Coach Don Kelbick has had 27 years of coaching experience, 25 at the college level including 14 years as a head coach and 10 years as a Division I assistant including stops at Hofstra University, Marist College, Keene State College, and Florida International University. In 2 years as a high school coach, his teams produced 6 Division I players and was ranked #1 in Florida 28 out of a possible 34 weeks. In addition to coaching he has scouted for NBA teams, including the Knicks and the Hawks, and served as a general manager in the USBL.
As coaches, we take our teams to practice every day. We have our plans, we have our drills and we have our plays. Often, the process becomes the object of the practice, not the end product, playing better in games. Here are a few things that might help keep your eye on the prize as you work on the various parts of the game that are necessary to improve.
If is often said that games are won and lost on the foul line. How many more games do you think you can win if you can force your opponent to worry more about defense then they are about making the foul shot. Here is an attack off the foul shot that just might make them do just that.
I see a lot of questions regarding full court offenses and press breakers to combat full court pressure.
I don't believe that breaking pressure is a function of pattern play but rather a function of spacing and philosophy. Knowing that, here are a few things to think about that may help in executing against all types of pressure.
In basketball, you could be the best shooter in the world. You could have range beyond the moon. You can be faster than a speeding bullet. If you can't get your shot, it doesn't matter. If you can't get the ball in a place you can score from, you become a non-shooter. How do you get the shot you want?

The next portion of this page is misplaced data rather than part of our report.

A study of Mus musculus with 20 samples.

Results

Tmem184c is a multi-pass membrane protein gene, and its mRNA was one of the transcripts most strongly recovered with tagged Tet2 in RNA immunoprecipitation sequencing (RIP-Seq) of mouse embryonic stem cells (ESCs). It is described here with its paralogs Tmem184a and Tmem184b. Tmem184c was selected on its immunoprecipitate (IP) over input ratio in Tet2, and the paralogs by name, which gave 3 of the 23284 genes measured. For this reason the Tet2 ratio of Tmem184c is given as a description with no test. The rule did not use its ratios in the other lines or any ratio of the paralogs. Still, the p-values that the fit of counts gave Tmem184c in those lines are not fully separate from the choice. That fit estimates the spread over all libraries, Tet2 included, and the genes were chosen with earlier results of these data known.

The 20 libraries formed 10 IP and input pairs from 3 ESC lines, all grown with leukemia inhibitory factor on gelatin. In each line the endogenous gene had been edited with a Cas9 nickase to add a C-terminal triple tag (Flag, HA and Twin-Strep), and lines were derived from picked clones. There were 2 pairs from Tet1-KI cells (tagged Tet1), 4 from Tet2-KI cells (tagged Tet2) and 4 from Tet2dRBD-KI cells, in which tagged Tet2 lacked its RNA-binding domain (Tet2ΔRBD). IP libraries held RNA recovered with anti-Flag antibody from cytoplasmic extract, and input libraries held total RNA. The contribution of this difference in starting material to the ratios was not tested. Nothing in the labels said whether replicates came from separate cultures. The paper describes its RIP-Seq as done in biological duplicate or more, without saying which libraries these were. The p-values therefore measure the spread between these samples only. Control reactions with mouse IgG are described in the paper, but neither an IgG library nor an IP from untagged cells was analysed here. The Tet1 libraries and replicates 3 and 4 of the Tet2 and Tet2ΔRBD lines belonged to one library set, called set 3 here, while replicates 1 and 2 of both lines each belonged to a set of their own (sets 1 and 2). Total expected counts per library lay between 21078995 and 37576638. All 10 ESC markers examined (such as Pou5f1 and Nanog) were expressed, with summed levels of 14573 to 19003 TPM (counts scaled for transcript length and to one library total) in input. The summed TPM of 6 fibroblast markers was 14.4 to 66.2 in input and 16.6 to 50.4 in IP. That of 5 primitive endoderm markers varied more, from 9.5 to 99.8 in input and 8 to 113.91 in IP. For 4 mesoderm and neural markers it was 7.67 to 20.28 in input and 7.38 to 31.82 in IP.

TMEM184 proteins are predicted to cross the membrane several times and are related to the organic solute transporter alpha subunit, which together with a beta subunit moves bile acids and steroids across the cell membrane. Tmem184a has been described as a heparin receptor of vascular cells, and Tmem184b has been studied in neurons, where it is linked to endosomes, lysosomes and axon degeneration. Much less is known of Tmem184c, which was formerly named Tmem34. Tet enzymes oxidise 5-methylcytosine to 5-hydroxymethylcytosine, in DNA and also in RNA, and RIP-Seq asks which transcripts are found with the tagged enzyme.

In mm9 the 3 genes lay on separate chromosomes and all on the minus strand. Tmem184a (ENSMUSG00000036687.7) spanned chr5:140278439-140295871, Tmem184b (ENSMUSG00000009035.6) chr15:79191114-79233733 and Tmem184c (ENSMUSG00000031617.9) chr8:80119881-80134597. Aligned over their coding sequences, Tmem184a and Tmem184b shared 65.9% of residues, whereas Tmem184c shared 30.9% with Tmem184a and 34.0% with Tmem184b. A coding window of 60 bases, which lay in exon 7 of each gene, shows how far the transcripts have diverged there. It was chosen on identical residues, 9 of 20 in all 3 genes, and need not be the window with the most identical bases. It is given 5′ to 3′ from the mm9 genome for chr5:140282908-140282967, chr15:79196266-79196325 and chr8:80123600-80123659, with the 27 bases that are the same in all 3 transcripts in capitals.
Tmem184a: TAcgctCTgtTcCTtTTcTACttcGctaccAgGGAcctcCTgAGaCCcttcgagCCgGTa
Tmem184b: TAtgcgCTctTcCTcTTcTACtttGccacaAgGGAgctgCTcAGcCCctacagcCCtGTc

Coaches spend hours and hours orchestrating offenses while saying that defense is mostly hard work. "Offense take s talent," goes the coaching saying, "defense takes desire." It is true; more can be accomplished with hard work over skill, on defense. But that is not to say that that coaches shouldn't teach defense as well as the teach offense. Most coaches teach defending the ball, denying the wing, playing the post, etc. I have not seen enough coaches teach defensive philosophy, tactics and situations as they do on offense.
The evolution of basketball marches on. The game is a living, breathing entity that, like a shark, must keep moving ahead or it will die. Those of us that have been watching for decades can readily see the changes. Those too young to remember the game in the 60s, 70s, 80s and even the 90s will see the changes from now forward.
When I started coaching over 30 years ago, I like most others, ascribed to the notion, “make practice like the games.” In fact, as coaches, we try to make practice harder than games.
It made sense. When practice is more challenging than games, the games become less difficult and, theoretically, the games become easier and players play better. As my belief in many situations, I think that many coaches take action without first evaluating what the results might be. This is the way they learned so this is the way they work it, whether it was effective for them as a player or not.
Your team is facing a "junk defense." Not a bad defense but a "junk defense," a term usually attached to a non-traditional defense, such as the box and 1 or triangle and 2. How do you play against it?
One of the great advantages of a motion offense is its adaptability to be able to play against any type of defense. It is a great advantage not to require your team to learn multiple offenses to be able to play against multiple defenses. The time commitment to practice several different offenses in practice is enormous. Just think of the time you take where you can't practice skill, defense or whatever your weaknesses may be.